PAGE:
Lonesome Lanes


Production: Mixer Jaëxx
Album: Sound-sized Treats

Mastering: Mixer Jaëxx
Copyright: Mixer Jaëxx, U.S. Copyright Office, 2018



This was the goal I had in mind for Lonesome Lanes. Much of Sound-sized Treats pays homage to MIDI Controlled Addiction. As the foundational building block for the song, I thought about which MIDI Controlled Addiction song I should incorporate. I decided Been So Lonely’s glockenspiel would be perfect for the goal of Lonesome Lanes (named “Xylaphon” as it shows up better on my mixer’s digital scribble strip). Been So Lonely’s glockenspiel worked out really well.

The sound is generated by an NN-19 digital sampler. The melody is only 13 seconds long and mostly repeats. In order to create a more natural sounding performance, I used the device Little LFO. I used a random smooth low frequency oscillator (LFO) and connected its CV out cable to the level CV in of the NN-19. This then modulates (automatically and randomly) the level of the NN-19 that perfectly simulates the velocity changes a person makes when they are actually hitting a percussion instrument. This allowed me to loop a section of Lonesome Lanes and the glockenspiel would sound live and not simply like MIDI notes repeating.  

The drums, powered by my beloved Kong drum machine, is one of the most complex drums of my songs. What makes it complex is the fact that, for most drum pads, I set it up so that a drum pad as multiple sounds to choose from each time the pad is triggered. So for a cymbal crash, I setup six different cymbal crashes and which sound is triggered is randomly selected. I did this for nearly every pad and all 16 pads are used throughout the song. Some pads include different types of sounds, such as shaker sounds or field recordings of myself shaking my keys or unscrewing a jar.

What this does is create drum rhythms that are both familiar and predictable yet varying and exciting. I can play the same four bar MIDI drum notes, on loop, and the beat will change and vary itself automatically. So awesome. I’ve done something similar like this many times before, but this method is a little more efficient so I plan on incorporating it into future productions.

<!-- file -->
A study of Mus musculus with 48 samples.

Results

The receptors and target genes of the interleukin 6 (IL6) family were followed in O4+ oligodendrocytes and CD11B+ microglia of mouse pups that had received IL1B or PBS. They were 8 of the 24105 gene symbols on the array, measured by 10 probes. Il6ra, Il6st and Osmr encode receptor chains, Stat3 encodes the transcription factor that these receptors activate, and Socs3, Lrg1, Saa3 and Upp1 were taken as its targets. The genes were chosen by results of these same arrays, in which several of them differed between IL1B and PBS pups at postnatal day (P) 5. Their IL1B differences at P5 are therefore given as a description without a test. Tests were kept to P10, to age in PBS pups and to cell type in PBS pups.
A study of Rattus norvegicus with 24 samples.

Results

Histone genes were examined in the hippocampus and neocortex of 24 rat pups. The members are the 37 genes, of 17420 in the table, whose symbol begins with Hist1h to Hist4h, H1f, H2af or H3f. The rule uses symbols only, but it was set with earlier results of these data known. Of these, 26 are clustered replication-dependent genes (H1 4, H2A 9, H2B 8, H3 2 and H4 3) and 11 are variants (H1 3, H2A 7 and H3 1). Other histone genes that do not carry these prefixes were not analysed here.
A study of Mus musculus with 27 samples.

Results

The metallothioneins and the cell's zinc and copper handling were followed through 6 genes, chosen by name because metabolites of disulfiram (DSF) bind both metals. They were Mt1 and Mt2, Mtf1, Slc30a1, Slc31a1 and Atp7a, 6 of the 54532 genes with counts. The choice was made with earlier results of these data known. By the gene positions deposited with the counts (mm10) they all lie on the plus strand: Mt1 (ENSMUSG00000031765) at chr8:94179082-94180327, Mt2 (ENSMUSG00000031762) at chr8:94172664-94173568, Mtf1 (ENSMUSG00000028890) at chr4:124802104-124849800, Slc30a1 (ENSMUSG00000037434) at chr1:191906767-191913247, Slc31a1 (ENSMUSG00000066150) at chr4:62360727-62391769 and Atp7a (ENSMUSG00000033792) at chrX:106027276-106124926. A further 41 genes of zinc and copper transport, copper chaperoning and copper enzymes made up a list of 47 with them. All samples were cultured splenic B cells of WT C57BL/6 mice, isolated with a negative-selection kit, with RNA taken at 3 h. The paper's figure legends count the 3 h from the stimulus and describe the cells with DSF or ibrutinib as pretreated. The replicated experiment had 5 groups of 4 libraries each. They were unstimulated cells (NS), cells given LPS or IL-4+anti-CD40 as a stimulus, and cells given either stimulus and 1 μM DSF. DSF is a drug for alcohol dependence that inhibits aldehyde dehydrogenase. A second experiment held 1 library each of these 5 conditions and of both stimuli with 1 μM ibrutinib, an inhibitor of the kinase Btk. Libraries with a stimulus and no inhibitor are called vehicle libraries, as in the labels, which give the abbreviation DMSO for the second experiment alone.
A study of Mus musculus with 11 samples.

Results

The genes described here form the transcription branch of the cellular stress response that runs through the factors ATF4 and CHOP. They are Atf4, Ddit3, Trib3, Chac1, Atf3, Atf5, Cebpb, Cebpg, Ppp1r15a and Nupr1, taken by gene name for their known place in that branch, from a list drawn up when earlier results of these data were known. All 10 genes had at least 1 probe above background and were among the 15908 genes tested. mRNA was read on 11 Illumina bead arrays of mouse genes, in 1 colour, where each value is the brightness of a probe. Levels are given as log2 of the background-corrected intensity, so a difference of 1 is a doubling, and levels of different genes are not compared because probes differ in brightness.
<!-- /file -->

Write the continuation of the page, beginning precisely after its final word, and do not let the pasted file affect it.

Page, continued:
Part of what makes Lonesome Lanes succeed in its vision is the fact I did a field recording of someone’s sprinklers watering their lawn. I drove around at 4 in the morning through residential streets until I came across someone’s automated sprinklers watering their lawn on, literally, a lonesome lane.

Incorporating that sound (“Sprinkr”) into the song as-is simply wouldn’t work. I ended up time-stretching various parts of the waveform. The goal was not to make the sprinkler become synced with the song; I didn’t want that. I wanted the timing of the sprinkler to fall off. Instead, I time-stretched portions of the waveform so that they would fall out of rhythm but in a consistent way.

I then used a virtual device I created, the MJ 4 Band Auto-Panner, to slowly move the stereo field of just the low and high bands (frequencies) of the sprinkler field recording. This creates impression you’re either standing in the middle of multiple sprinklers or, as was my intention, given the impression you’re walking down a lonesome lane hearing multiple sprinklers pass by on either side of the street. …Groovy.

Something interesting about Lonesome Lanes is that it officially has no bass line, yet you can clearly hear one. This baseline is being generated by one of the Rhodes MkI’s. I created a parallel channel of this Rhodes MkI’s and cut out all frequencies except for the low-end and then boosted it up. I then used the EQ section of Reason’s mixer channel (an emulation of an SSL 9000K console) to sculpt and boost the low frequencies until I could turn it into a baseline.

The sound effect of the sirens in the distance (“Streets”) isn’t a field recording. It’s a Thor synthesizer. The sound is being generated primarily by applying a low frequency oscillator (LFO) with a sine waveform that speeds up or slows down depending on which note is played from the keyboard.